Urinary Bladder

From WikiLectures

(Redirected from Urinary bladder)

Urinary bladder - structure and position, fixation and syntopy in male and female (draw scheme)

Introduction[edit | edit source]

The urinary bladder is a pelvic organ that collects and holds urine before urination. It serves as a temporary reservoir for urine produced by the kidneys. When empty, it lies completely within the pelvic cavity, but enlarges upward into the abdominal cavity when full. It is the most anterior pelvic organ, located just behind the pubic bones and pubic symphysis.

parts of urinary bladder

The urinary bladder serves two primary functions: temporary storage of urine and assisting in its expulsion during micturition (urination). Structurally, it consists of three main parts: the body, fundus, and neck.

The body of the bladder, covered by peritoneum, collects urine, while the fundus is the bottom part, situated near the prostate and rectum in males, and close to the vagina in females. The neck of the bladder marks the convergence of the fundus and is continuous with the urethra. The apex of the bladder, directed towards the pubic symphysis, is connected to the umbilicus by the median umbilical ligament, a remnant of the urachus.

Syntopy[edit | edit source]

• Anterior – pubic symphysis


• Posterior – rectum in males, vagina in females

• Superior – small intestine in peritoneal cavity, uterus in females

• Inferior – prostate in males, urogenital diaphragm in females

-Urine enters the bladder via the right and left ureters, and internally these orifices are marked via the trigone (triangular area in fundus)

Syntopy female.png

Trigone of bladder – triangular like area in the anteroposterior part of bladder. The mucosa here is not folded. In females trigone projects on anterior part wall of vagina.

Bladder musculature[edit | edit source]

The bladder wall contains specialized smooth muscle known as the detrusor muscle, consisting of inner plexiform, middle circular, and external longitudinal layers. The detrusor muscle is innervated by the parasympathetic system. The bladder also features the sphincter vesicae, a single layer of circular smooth muscles around the neck of the bladder, innervated by the sympathetic system, which prevents semen from flowing into the bladder during ejaculation.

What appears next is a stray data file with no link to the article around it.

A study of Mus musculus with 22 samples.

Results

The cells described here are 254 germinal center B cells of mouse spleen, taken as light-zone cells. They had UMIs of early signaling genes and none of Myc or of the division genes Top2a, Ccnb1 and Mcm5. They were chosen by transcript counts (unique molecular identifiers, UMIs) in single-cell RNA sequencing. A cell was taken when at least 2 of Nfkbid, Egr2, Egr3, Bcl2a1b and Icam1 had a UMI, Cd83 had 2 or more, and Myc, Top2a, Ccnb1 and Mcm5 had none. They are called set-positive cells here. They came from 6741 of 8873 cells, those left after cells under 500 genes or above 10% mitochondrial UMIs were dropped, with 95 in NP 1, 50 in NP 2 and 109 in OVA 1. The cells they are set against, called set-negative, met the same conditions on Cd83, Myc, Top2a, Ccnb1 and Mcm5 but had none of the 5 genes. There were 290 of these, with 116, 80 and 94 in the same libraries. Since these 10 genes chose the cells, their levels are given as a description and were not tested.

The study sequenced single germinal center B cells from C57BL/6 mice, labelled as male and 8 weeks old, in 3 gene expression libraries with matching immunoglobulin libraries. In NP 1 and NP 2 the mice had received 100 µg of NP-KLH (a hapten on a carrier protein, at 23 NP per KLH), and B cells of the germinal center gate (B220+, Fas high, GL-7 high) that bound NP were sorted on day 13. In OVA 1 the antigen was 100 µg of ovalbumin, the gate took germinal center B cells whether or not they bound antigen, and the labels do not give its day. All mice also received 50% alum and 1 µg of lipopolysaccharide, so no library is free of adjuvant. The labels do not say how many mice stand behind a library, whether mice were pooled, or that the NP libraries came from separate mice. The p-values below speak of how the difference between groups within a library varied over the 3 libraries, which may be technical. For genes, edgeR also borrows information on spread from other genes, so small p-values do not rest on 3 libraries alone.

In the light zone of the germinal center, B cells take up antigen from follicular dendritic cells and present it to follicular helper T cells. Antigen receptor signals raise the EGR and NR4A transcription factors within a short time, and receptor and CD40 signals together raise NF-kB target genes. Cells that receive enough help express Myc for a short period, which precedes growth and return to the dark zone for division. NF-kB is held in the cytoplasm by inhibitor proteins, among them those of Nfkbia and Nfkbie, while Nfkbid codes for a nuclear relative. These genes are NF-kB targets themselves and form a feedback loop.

Spaces, fasciae and septae[edit | edit source]

The spaces, fasciae, and septae surrounding the urinary bladder provide structural support and organization within the pelvic cavity.

The transversalis fascia is located anterior to the apex of the urinary bladder. It forms the retropubic space, which is the area between the bladder and the pubic symphysis.

The vesicoumbilical fascia of Delbert is a triangular-shaped fascia situated between the medial umbilical ligaments and the median umbilical ligament, extending to the umbilicus.

fixation of urinary bladder

Covering the superior surface of the bladder is the parietal peritoneum. In males, this arrangement creates the rectovesical pouch, a space between the rectum and the bladder. In females, it forms the vesicouterine pouch, a space between the uterus and the bladder. Additionally, there are paravesical fossae, peritoneum-lined spaces on both sides of the bladder.

The paravesical space surrounds the urinary bladder within the pelvic cavity, located between the bladder and the pelvic walls.

Two septae are also present: the rectovesical septum, a plate of connective tissue between the bladder and the rectum, and the vesicovaginal septum, a plate of connective tissue between the bladder, vagina, and adjacent cervix of the uterus.

References[edit | edit source]

  • HUDÁK, Radovan – KACHLÍK, David. Memorix anatomie. 2. edition. Triton, 2013. ISBN 978-80-7387-712-5.